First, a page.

High-tech professionals know that their inner critic can be their best friend or their worst enemy. That inner critic is at the forefront for risk taking and innovation while also front and center for making mistakes. Evolution has led us to a default mind-state that focuses on “what’s not OK?” which can be helpful in high-risk situations to protect us. However, it also can undermine us if we let thoughts take control without awareness. There are a lot of names for this mind-state, such as the monkey mind or the negative mind-train, and they all refer to this self-critical thought pattern that focuses on the negative in a situation. When we don’t know how to control our inner critics, our struggles can lead to anxiety, depression, and feeling overwhelmed. Learning to cope with these “not good enough” thoughts is a challenging process, but doing so can lead to the successful building of a more intentional, value-driven life.
Negative thoughts aren’t problematic unless we believe what our minds are telling us and then react to them. We can learn to observe these thoughts and to change our relationship with and reactivity to them. By doing this, we have space from which we can make value-based choices. This doesn’t involve ignoring negative thoughts, as they will continue to be there. Rather, it involves becoming free from their shackles such that we can move in the direction we want to go. After all, we are more than just our thoughts; our thoughts alone don’t define us. We can disentangle from our inner critics and progress in a way that is consistent with our chosen life direction.
The most distressing negative thought that many high tech professionals share with me is their “imposter syndrome.” It involves thinking, “if only they knew the true me, I wouldn’t be here.” The “I’m incompetent” or “I’m not good enough” thoughts can take over and may hold you back from pursuing what’s important to you. Imposter syndrome is widespread at every level, and most people have it at times in their lives. Your CEO may not think she is qualified, the VC who funded you may believe he was just “lucky” to be in his role, and your head of finance may not think he understands accounting well enough to be in his position. So how do you overcome these thoughts?
What doesn’t help is to argue with your inner critic, or to think rationally about these negative thoughts. You already know you didn’t just end up as the CEO or a VP of engineering because you are incompetent. The idea isn’t to “feel better” or to make these thoughts “go away,” although that can happen as a byproduct. Rather, what helps is to observe your thoughts and to separate yourself from them to allow greater flexibility in your behaviors and actions.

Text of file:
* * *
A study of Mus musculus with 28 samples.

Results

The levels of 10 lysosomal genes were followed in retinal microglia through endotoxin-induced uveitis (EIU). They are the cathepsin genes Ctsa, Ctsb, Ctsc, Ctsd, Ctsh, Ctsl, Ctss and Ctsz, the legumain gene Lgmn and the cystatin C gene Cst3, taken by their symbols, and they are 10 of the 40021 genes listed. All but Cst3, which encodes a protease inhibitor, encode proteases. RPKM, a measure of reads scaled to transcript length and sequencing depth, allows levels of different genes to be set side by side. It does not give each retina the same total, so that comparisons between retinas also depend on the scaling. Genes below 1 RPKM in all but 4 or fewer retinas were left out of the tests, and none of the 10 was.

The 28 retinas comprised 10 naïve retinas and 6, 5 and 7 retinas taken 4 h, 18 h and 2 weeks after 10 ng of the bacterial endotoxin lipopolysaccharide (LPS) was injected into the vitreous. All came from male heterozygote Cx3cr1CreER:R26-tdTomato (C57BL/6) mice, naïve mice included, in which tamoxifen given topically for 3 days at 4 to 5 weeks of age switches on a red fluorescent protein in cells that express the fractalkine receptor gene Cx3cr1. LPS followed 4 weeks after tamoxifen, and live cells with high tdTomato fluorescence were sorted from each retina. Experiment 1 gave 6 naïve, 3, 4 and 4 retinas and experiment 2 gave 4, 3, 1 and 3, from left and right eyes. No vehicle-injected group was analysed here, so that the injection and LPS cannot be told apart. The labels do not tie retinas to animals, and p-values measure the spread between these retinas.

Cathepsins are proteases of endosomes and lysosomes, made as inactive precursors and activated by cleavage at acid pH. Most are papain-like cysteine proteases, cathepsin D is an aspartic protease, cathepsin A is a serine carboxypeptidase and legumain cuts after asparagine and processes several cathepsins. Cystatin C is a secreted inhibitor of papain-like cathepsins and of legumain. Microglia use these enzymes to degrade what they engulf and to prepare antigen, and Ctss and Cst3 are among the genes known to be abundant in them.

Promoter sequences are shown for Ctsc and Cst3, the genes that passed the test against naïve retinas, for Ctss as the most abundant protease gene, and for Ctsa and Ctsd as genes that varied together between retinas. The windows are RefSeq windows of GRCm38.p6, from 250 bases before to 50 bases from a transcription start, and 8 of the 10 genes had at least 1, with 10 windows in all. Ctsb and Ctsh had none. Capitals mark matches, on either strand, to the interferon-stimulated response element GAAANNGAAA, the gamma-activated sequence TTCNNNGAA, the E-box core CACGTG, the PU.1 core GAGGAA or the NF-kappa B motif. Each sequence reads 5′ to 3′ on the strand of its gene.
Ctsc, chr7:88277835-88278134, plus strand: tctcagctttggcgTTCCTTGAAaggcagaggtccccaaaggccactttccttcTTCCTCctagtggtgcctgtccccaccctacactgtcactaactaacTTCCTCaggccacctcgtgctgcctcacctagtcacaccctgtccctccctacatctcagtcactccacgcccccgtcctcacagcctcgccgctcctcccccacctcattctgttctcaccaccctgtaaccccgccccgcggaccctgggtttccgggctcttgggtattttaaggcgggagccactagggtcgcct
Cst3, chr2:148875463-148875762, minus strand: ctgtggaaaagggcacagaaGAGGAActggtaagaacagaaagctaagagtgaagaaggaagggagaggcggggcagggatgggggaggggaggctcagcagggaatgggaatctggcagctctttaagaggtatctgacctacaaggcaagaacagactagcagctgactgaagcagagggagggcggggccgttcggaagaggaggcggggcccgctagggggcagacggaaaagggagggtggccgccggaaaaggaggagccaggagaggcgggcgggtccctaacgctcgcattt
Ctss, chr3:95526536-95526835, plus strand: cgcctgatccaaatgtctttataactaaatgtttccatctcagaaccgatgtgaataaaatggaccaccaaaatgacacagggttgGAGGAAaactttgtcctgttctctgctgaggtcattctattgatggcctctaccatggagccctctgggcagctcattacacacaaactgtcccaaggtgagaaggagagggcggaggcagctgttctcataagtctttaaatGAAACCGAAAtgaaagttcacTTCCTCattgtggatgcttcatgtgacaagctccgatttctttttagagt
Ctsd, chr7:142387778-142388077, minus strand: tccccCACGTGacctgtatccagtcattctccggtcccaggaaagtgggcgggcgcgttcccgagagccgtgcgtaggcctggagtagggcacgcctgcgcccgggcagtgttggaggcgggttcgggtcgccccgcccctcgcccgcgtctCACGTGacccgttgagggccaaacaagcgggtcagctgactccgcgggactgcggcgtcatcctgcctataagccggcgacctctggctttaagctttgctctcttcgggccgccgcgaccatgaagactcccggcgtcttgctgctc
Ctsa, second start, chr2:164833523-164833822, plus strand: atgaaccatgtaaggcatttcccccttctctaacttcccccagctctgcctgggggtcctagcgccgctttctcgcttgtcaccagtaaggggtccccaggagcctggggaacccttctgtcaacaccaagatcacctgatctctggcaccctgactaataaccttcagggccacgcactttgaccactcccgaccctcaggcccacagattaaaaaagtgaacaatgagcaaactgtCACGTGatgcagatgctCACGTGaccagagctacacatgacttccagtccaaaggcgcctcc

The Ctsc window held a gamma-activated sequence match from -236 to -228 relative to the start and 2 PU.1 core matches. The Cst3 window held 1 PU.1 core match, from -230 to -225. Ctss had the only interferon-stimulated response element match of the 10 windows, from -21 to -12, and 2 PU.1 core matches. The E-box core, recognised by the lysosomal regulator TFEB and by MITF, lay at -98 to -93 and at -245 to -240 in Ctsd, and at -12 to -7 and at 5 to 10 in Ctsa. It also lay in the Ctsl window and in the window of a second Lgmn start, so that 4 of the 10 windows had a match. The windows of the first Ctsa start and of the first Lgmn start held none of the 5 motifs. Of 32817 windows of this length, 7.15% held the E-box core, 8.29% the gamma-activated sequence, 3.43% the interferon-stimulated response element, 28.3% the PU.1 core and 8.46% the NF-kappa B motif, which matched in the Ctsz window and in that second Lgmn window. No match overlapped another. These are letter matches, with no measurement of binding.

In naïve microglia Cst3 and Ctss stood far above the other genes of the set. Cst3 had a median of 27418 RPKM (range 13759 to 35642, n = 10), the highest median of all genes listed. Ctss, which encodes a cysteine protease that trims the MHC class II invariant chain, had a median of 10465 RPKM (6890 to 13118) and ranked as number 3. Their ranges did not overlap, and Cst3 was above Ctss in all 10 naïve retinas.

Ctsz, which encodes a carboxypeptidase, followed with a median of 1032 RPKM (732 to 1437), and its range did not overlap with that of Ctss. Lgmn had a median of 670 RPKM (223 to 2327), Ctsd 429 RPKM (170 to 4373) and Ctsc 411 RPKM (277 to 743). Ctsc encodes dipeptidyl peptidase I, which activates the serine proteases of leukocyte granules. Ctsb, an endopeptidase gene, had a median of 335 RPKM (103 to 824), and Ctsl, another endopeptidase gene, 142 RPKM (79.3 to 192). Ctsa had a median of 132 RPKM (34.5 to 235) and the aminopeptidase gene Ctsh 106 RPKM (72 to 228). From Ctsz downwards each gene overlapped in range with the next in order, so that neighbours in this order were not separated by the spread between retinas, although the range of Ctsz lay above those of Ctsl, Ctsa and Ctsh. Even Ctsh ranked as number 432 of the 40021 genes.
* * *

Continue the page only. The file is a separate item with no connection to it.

The best coping strategies in this situation come from Acceptance and Commitment Therapy. Some ideas from this therapy include:
- Watch your thoughts like they are leaves floating on a stream or trains leaving the station. Put your thoughts in bubbles and watch them pop. Consider them like pop-up ads that won’t stop coming up on your computer screen. Think of them like words on a karaoke screen. You are separate from your thoughts; they are words, and they don’t need to control you and dictate your actions. These tools to look at your thoughts, notice them, and let them come and go are from Steven Hayes’ book Get Out of Your Mind and into Your Life.
- Use “Songify.” It’s an app with which you turn the words you speak into a song using a songification technology. Try singing your inner critic thoughts to various tunes/melodies. If you keep playing “I’m incompetent” over and over again to music in the background, especially to songs by Adele or Michael Jackson, these negative thoughts will eventually lose their power over you. You can’t just think about doing this, but you need to actually experience it to understand its potential effect.
- Cover your face with your hands. Imagine your hands are your thoughts, and they are covering you. They are saying “you are incompetent,” and you can’t see anything but your hands. What if you walked around like this all day? What you would not be able to see or do? How could you listen to your coworker or connect with your partner? You can lower your hands and have so much more freedom in your life. Know your thoughts are there, but decide to not let them control you. Learn about this tool in this book by Russ Harris.
We can’t silence our inner critic for good, but what we can do is listen to it and choose not to react to it in a way that detracts from valued living. By using some of these ACT strategies, you can form a new relationship with your self-critical thoughts such that they will no longer exert control over your life. Doing so will lead to a life centered more around actions that inspire you and less around your uncontrollable negative mind-train.